Perhaps it is just me, but “scriptorian” seems to be an honorific that has fallen out of favor. I remember when scriptorian was meted out as a term of high theological praise. The typical scriptorian was an aging high priest who had seen long service in the Church. He had claims to wisdom from great experience, but beyond simple longevity he was known for a deep and thorough knowledge of the scriptures. He was the sort of man who wanted nothing more than a chance to go toe-to-toe and verse-for-verse with a Baptist minister, or work through the signs of the times in Sunday School class.
The learning of the scriptorian was largely oral. He didn’t produce footnoted articles for intellectual fora. It was also daring in its interpretation. Poetic passages from Amos and other prophets were read with a dogged literalism that opened up surprisingly wild theological vistas. The learning was also almost entirely autodidactic. No one became a scriptorian by virtue of a degree. The man who gave me my patriarchal blessing was a scriptorian. The walls of his study were not lined with scholarly treatises but with dog eared copies of the Journal of Discourses.
If I am right about the sinking status of scriptorians, I think that Nibley is the culprit behind their decline. Nibley dazzled with his dozens of dead languages and his marriage of Mormon scripture with “the ancient world.” In place of the autodidactic scriptorian we now have the post-Nibley Mormon scholar. We look not for a thorough understanding of the Millennial time table, but rather for the ancient history of proper names from the Book of Mormon. The intellectual world created by Nibley for Mormon students of scripture is — if not quite professional — at least scholarly in its basic orientation.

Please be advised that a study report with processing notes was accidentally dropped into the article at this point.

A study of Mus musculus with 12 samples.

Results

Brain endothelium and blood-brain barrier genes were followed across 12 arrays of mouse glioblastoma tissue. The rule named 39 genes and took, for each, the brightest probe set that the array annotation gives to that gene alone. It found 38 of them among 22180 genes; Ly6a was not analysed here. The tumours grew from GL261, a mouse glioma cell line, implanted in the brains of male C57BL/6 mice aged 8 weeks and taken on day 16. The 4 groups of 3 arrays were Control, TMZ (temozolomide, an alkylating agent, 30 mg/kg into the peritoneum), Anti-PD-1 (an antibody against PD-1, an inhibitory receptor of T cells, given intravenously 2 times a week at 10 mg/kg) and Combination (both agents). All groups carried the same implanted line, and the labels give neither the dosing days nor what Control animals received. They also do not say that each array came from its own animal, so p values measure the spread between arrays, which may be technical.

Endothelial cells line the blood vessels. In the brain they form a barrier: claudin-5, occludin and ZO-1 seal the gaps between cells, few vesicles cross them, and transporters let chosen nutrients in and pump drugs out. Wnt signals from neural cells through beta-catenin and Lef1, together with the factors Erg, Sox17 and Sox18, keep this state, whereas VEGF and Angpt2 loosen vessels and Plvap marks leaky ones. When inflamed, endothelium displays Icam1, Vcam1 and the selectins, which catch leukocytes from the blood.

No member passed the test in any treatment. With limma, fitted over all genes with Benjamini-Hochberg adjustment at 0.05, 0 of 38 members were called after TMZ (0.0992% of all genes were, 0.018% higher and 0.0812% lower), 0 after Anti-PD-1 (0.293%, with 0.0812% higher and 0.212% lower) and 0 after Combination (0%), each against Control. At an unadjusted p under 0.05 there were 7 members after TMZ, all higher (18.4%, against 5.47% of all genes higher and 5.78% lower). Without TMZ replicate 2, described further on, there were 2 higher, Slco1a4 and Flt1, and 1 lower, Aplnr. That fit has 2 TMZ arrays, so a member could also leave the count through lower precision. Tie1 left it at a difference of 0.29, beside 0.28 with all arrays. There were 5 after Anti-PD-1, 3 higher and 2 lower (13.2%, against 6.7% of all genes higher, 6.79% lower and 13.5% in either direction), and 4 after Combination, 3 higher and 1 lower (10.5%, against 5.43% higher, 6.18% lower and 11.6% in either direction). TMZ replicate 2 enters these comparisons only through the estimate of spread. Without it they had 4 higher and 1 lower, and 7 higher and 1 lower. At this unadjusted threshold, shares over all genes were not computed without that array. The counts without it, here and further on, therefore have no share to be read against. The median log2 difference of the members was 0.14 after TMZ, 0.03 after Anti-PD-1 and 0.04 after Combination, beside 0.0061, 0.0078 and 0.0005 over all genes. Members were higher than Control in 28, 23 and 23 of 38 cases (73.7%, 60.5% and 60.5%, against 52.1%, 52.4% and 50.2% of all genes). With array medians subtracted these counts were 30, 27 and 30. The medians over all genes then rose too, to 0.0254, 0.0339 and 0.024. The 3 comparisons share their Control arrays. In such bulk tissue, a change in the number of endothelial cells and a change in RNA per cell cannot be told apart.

When I first read Nibley and the work of his disciples there was something intoxicating about it. Suddenly Mormonism and the Gospel seemed so much bigger, older, and somehow more intellectually respectable. It was though an interest in the Hebrew or Greek roots of scripture terms had liberated me from any duty to have anxiety about the precise relationship between Jerusalem, Jackson County, and the “Mountain of the Lord’s House in the tops of the mountains” (Salt Lake) in the climatic days before the Second Coming.
At this point, however, I worry about losing scriptorians. Scholars are ultimately timid creatures, and frankly much of Nibley’s most lasting and influential work partakes of a very un-scholarly audacity. In an intellectual world where untutored but scripture-soaked patriarchs are cranks, and where scholars with their Aramaic and Hebrew hold sway we will lose something deep and essential about Mormonism. At their worst, Mormons see Joseph Smith as a passive automaton in the hands of God. The Restoration, however, is the result of a cocktail of Joseph’s wild scriptural interpretations and revelation. He was a scriptorian with a deep knowledge of the sacred text, but he was never a scholar. He never had a scholar’s precision, caution, or context. In that sense, to see to the wild speculations of a high-priest group scriptorian is to be much closer to Joseph and the roots of the Restoration than to see a faithful disciple of Nibley toiling away at the footnotes of path-breaking article on Mormon scripture.